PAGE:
A farmer who aims to produce one of the most expensive meats in the world is hoping others will follow his lead and establish a new Scottish delicacy.
Japanese Wagyu embryos are being sold for the first time at a Scottish cattle show as Moshin Al-Tajir tries to spread the new line of cattle across the country.
Wagyu beef, which is considered a tender and succulent meat, can sell for up to £10,000 for a whole carcass in Japan.
Mr Al-Tajir and his wife Martine have been cross-breeding Wagyu with traditional Scottish pedigree cattle like Highlanders and Short Horns at Blackford Farm in Perthshire. Wagyu cattle is traditionally reared in warm temperatures but the farmer hopes crossing it with Scottish cattle can eventually lead to a pure-blood Scottish Wagyu that can stand up to the weather.
He said: "We have a herd of pedigree Wagyus, a herd of pedigree Angus and we have a herd of pedigree Shorthorns. We take the female calves while they're young and put embryos in them, and they produce pedigree Wagyu calves.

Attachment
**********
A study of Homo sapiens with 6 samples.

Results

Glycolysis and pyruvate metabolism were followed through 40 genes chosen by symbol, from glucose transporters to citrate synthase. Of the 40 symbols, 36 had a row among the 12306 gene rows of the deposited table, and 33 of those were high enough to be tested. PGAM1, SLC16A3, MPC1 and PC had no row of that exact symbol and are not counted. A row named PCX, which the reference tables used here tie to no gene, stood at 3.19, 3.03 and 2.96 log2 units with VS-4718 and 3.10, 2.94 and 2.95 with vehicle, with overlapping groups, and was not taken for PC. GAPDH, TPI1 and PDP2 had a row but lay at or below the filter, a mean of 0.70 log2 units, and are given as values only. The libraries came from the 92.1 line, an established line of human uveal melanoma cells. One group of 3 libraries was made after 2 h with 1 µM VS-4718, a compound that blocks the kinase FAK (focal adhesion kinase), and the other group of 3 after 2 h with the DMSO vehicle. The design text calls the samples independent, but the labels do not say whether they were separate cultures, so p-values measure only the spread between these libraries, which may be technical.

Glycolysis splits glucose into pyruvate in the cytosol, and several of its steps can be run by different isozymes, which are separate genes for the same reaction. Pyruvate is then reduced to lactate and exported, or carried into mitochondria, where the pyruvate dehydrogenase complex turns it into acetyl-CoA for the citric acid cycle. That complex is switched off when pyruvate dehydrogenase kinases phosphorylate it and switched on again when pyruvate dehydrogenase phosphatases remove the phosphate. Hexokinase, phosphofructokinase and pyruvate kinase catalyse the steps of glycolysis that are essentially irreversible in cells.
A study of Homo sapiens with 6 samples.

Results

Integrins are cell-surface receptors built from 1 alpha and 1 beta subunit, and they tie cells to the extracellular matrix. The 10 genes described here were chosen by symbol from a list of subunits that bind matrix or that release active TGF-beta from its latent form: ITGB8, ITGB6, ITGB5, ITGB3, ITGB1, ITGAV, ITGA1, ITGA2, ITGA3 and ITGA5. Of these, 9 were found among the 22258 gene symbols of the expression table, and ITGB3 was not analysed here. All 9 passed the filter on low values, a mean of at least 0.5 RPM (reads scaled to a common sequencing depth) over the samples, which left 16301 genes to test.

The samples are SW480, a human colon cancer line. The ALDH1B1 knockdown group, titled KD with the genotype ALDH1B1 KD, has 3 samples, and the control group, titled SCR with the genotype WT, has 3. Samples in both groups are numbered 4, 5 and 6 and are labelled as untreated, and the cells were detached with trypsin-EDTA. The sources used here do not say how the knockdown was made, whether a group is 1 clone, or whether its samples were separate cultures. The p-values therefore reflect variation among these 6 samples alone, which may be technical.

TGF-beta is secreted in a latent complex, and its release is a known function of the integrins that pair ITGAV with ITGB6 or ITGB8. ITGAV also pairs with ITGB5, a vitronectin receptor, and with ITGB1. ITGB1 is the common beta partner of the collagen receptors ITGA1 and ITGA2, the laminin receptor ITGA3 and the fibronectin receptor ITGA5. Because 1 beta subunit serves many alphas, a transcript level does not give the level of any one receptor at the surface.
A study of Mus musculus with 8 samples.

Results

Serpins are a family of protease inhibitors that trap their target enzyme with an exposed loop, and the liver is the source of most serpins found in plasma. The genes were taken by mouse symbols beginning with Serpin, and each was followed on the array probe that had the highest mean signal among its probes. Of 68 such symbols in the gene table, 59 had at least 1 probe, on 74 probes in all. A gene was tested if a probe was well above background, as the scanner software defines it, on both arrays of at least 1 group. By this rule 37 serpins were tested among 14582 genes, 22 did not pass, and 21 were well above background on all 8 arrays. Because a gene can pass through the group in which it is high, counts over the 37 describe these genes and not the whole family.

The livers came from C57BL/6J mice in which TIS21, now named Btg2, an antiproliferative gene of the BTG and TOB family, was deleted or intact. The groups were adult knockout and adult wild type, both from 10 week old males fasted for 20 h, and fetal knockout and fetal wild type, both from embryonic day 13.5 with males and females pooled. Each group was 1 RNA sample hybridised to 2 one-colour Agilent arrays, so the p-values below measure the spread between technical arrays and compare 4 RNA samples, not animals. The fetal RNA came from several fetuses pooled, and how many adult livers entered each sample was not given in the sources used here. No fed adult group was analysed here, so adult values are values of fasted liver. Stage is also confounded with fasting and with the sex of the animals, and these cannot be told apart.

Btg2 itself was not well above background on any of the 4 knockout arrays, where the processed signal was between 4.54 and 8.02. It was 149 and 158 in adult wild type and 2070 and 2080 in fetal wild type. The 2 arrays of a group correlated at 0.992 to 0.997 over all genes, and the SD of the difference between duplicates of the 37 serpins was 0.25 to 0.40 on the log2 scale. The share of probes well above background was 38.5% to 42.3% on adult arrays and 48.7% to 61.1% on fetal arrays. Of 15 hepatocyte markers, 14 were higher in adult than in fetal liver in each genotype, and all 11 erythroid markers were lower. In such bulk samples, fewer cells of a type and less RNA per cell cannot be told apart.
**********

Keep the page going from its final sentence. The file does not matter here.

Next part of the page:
"We're trying to bring our own Wagyu to the country, Wagyu comes from very soft temperatures so they're not used to the harshness of the Scottish countryside, so we're trying to produce an animal that will stand up to the weather.
"We're taking all kinds of cattle and putting the Wagyu bull over them to produce crosses and the idea is to keep the girls and put another Wagyu bull over them again and again so that eventually you can come back to a pureblood Wagyu that has the Shorthorn or Highlander genetics and will be more used to our environment." The farmer bought Wagyu cattle and embryos from Australia last year and started cross-breeding.
Wagyu beef is famous for the streaks of fat that run through it giving it a 'marbled' effect. Food lovers say it makes the beef particularly soft and adds extra flavour when cooking. Premium cuts of the beef are sold for hundreds of pounds in the UK, in part due to importing costs.
"Almost all Wagyu that is eaten here comes from Australia or America and I can't understand why we don't do our own," Mr Al-Tajir said. "We certainly have the market for it, so we're trying to produce it and I think being Scottish would make it even better."
The embryos are being sold at the Stirling Bull Sale, one of the biggest events on the agricultural calendar, which starts on Monday. Thousands of farmers attend the sale to view and buy pedigree cattle, and prizes are also awarded to the best animals on show.